In this post, I want to specifically point out the multiple ways in which one can not only learn about life in the human past through this long-term and rich visitor centre of West Stow, but also about human mortality. In other words, I aim to consider how this heritage site operates as a venue for exploring and critiquing the public archaeology of death.
This summer I got the chance to revisit West Stow Anglo-Saxon Village & Country Park after over a decade and for the first time since I started blogging in 2013! Situated near Bury St Edmunds, reconstructed near the site of excavations directed by Stanley West, there is the ‘Anglo-Saxon village’ which is simultaneously a tourist attraction, an educational resource for local communities, and a focus of experimental archaeology.
That’s not all, however. Also, there is a well-established museum (with cafe above) containing the Anglo-Saxon collections from both the late 20th-century excavations of the 5th-7th-century settlement, and finds from the 19th-century investigation of an inhumation cemetery of the later 5th and 6th centuries. This is a key site to for local school children and local/regional/national and international visitors to learn about life in early Anglo-Saxon England.
There’s more still, for there is also a gallery in the adjacent visitor centre displaying a truly staggering array of nationally important prehistoric and Roman archaeological finds from NW Suffolk.
A final component is worth introducing: in the adjacent country park alongside the Lark Valley, there is a new Beowulf and Grendel trail which is deserving of credit and consideration in its own right given its fascinating installations.
The early and middle Anglo-Saxon period mortuary archaeologies
First, we must acknowledge than many of the details of the fittings and furnishings of the reconstructed settlement are directly inspired by mortuary archaeological finds. A good example is the reconstructed bed in one of the halls.
Next, the main museum contains a host of displays that discuss life in early Anglo-Saxon times, and mannequins wearing reconstructed costumes bear information from mortuary contexts.
Then, we have the direct consideration of mortuary practices, using the data from the early Anglo-Saxon cemeteries of the area, including Westgarth Gardens. Human remains are an element of these displays to tell to the story, notably the skeleton of a child. There is also an interactive activity where you can place grave-goods associated with the early Anglo-Saxon dead. I was pleased to see cremation, as well as inhumation, introduced.
A further notable aspect is the archaeology of the settlement, for here a late pair of inhumation graves were uncovered. A facial reconstruction was commissioned for the male individual, bringing this young person to life and dating from a time when the settlement was being abandoned or already abandoned. A further element is the competition to name the individual – ‘The Man of West Stow’.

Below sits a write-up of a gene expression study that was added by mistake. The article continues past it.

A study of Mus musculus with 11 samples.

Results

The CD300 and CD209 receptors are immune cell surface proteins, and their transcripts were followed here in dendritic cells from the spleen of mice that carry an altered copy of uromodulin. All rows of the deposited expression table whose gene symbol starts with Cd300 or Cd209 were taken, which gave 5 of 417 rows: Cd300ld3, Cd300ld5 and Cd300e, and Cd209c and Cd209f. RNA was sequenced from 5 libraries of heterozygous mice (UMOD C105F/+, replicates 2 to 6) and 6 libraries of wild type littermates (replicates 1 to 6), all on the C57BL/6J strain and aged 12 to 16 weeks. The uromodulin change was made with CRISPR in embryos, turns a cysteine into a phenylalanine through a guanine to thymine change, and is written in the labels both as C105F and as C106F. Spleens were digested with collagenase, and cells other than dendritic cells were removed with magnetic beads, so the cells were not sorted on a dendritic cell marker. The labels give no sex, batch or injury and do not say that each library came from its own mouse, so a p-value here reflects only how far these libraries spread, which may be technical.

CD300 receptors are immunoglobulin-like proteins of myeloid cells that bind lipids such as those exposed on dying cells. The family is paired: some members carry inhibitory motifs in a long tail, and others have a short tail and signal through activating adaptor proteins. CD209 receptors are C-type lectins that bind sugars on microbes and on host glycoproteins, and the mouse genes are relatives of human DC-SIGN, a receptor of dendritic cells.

The final display of early Anglo-Saxon mortuary archaeology is in the closing sections of the galleries in the visitor centre. There are no visible human remains here.
Roman period mortuary archaeologies
This is not all, however, since both in the main museum there is a Roman stone coffin, seemingly reused in the early Anglo-Saxon cemetery.
Further important Roman-period cremation burials are on display in the visitor centre. Some still contain cremated human material, ranging from elaborate high-status burials (Rougham) down to more modest cinerary urns.
Directly and indirectly, a large fraction of the archaeological collections and the reconstructions of costume, furniture and fittings and buildings at West Stow rely upon mortuary data as well as the settlement excavations. Moreover, as well as being a rich resource for learning about life in the early and middle Anglo-Saxon periods, West Stow has considerable potential for education and engagement regarding past death ways. As we have seen, this is true for the both Roman and early medieval periods. Considering West Stow from the perspective of the public archaeology of death is a useful venture, since it focuses our attention on how archaeological collections shed light on both life and death in past times, but also regarding present conversations and anxieties regarding mortality, including dying, death, burial and commemoration.